FOR IMMEDIATE RELEASE Contact: George Felcyn
August 18, 2009   Tel. (202) 828-1715
   

george.felcyn@bgllp.com

CITAC CALLS ON UNITED STATES TO COMPLY WITH LATEST WTO DECISION AGAINST USE OF “ZEROING"

Washington, DC -The Consuming Industries Trade Action Coalition (CITAC) today called on the Obama Administration and Congress to comply immediately with WTO decisions condemning the use of “zeroing” in antidumping proceedings.  The World Trade Organization’s Appellate Body today reaffirmed that zeroing violates the international trade obligations of the United States.  U.S. failure to comply with the WTO ruling will leave U.S. exports subject to millions of dollars of retaliation. 

Japan brought the compliance case that led to today’s decision, which successfully argued that the United States has failed to comply with past WTO rulings against zeroing.  The violation applies to all actions to assess or collect antidumping duties after the original deadline for compliance, which was December 24, 2007 in the case of Japan, April 9, 2007 in the case of EC imports and April 30, 2009 in the case of Mexico.  The decision sets the stage for punitive tariffs to be applied against U.S. exports later this year.

“If the U.S. fails to meet its WTO obligations and eliminate zeroing from antidumping calculations, U.S. exports stand to be hit,” said CITAC Counsel Lewis E. Leibowitz, a partner at the Washington-based law firm of Hogan & Hartson.  “There is simply no justification for the U.S. to invite retaliatory tariffs by continuing the practice of zeroing, which in many cases only inflates the amount of duties collected and distorts markets in the United States.”

“Downstream U.S. industries are particularly hard hit by the loss of competitiveness that follows from excess duties on key inputs,” continued Leibowitz. “This decision is actually in the interest of the vast majority of U.S. manufacturers, who ultimately pay for these duties through higher prices and reduced availability of production inputs in the United States.  It is high time for the U.S. Administration to comply with the clear rulings of the WTO and to act in the interests of U.S. manufacturers.  Failure to act now will undermine our ability to persuade our trading partners to comply with their own trade obligations.”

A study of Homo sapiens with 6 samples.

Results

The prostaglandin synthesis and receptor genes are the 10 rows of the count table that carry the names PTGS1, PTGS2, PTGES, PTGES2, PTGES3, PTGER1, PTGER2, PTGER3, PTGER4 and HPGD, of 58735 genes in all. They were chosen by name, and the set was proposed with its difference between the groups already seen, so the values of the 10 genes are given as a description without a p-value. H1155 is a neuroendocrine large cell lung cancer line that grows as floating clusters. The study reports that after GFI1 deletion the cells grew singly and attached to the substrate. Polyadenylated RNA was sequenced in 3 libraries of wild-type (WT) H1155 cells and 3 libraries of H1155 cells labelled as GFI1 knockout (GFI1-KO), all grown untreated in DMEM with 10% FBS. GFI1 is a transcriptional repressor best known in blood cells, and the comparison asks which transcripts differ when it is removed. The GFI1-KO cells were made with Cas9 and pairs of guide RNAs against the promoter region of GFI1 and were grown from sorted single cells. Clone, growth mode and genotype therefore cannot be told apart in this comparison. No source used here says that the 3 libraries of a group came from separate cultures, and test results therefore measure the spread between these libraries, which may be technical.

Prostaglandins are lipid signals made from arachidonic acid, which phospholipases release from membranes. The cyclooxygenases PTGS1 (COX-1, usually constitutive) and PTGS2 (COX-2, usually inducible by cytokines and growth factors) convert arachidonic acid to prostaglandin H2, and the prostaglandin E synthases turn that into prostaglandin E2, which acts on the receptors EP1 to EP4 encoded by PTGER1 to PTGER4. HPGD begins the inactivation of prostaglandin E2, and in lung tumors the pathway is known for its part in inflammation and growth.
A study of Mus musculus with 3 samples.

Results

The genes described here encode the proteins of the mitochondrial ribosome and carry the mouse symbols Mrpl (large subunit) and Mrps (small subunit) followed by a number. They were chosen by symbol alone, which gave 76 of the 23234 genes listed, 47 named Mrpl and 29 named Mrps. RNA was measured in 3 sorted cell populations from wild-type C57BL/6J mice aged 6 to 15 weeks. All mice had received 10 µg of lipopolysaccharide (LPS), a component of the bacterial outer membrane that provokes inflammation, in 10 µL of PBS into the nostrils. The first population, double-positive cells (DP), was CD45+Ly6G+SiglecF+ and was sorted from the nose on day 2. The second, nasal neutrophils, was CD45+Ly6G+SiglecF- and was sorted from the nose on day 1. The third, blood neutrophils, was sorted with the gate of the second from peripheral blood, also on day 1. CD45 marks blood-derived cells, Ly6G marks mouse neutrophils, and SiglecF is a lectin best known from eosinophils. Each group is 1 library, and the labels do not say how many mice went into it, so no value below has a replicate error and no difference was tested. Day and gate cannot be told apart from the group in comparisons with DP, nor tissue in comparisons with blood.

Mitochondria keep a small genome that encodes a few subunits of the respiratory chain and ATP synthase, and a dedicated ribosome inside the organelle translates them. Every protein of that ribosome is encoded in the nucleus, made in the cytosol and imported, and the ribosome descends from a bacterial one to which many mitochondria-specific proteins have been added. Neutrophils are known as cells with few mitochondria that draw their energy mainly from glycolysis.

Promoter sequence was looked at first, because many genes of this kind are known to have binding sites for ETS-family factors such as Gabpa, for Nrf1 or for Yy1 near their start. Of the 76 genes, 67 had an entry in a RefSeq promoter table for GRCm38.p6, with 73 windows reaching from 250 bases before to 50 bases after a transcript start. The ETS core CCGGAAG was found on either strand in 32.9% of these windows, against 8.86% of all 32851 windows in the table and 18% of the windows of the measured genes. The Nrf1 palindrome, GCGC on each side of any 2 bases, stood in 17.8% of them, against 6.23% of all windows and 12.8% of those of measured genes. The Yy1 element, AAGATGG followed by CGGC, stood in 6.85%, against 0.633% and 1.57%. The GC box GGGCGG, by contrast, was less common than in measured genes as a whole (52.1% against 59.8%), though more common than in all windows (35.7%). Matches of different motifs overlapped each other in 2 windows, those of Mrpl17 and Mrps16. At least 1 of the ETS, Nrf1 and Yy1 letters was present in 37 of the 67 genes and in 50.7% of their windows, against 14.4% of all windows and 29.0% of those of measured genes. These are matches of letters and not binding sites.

Zeroing refers to the treatment of export sales to the U.S. when they are compared to “normal value” -- or the foreign value -- of similar goods in antidumping proceedings.  Goods that are sold for less than their normal value have “positive” comparisons.  However, when the Commerce Department finds transactions in the U.S. that occur at prices higher than normal value, it chooses to ignore those sales (“zeroing” them) rather than averaging them into the final calculations as the WTO requires.  By reducing the impact of those transactions on the final calculations, the DOC’s zeroing practice leads to artificially inflated dumping margins.  While so far refusing to end the practice, the Department has never studied the economic impact of zeroing on U.S. industry. 


For additional information, visit www.citac.info or contact George Felcyn at (202) 828-1715 or george.felcyn@bgllp.com.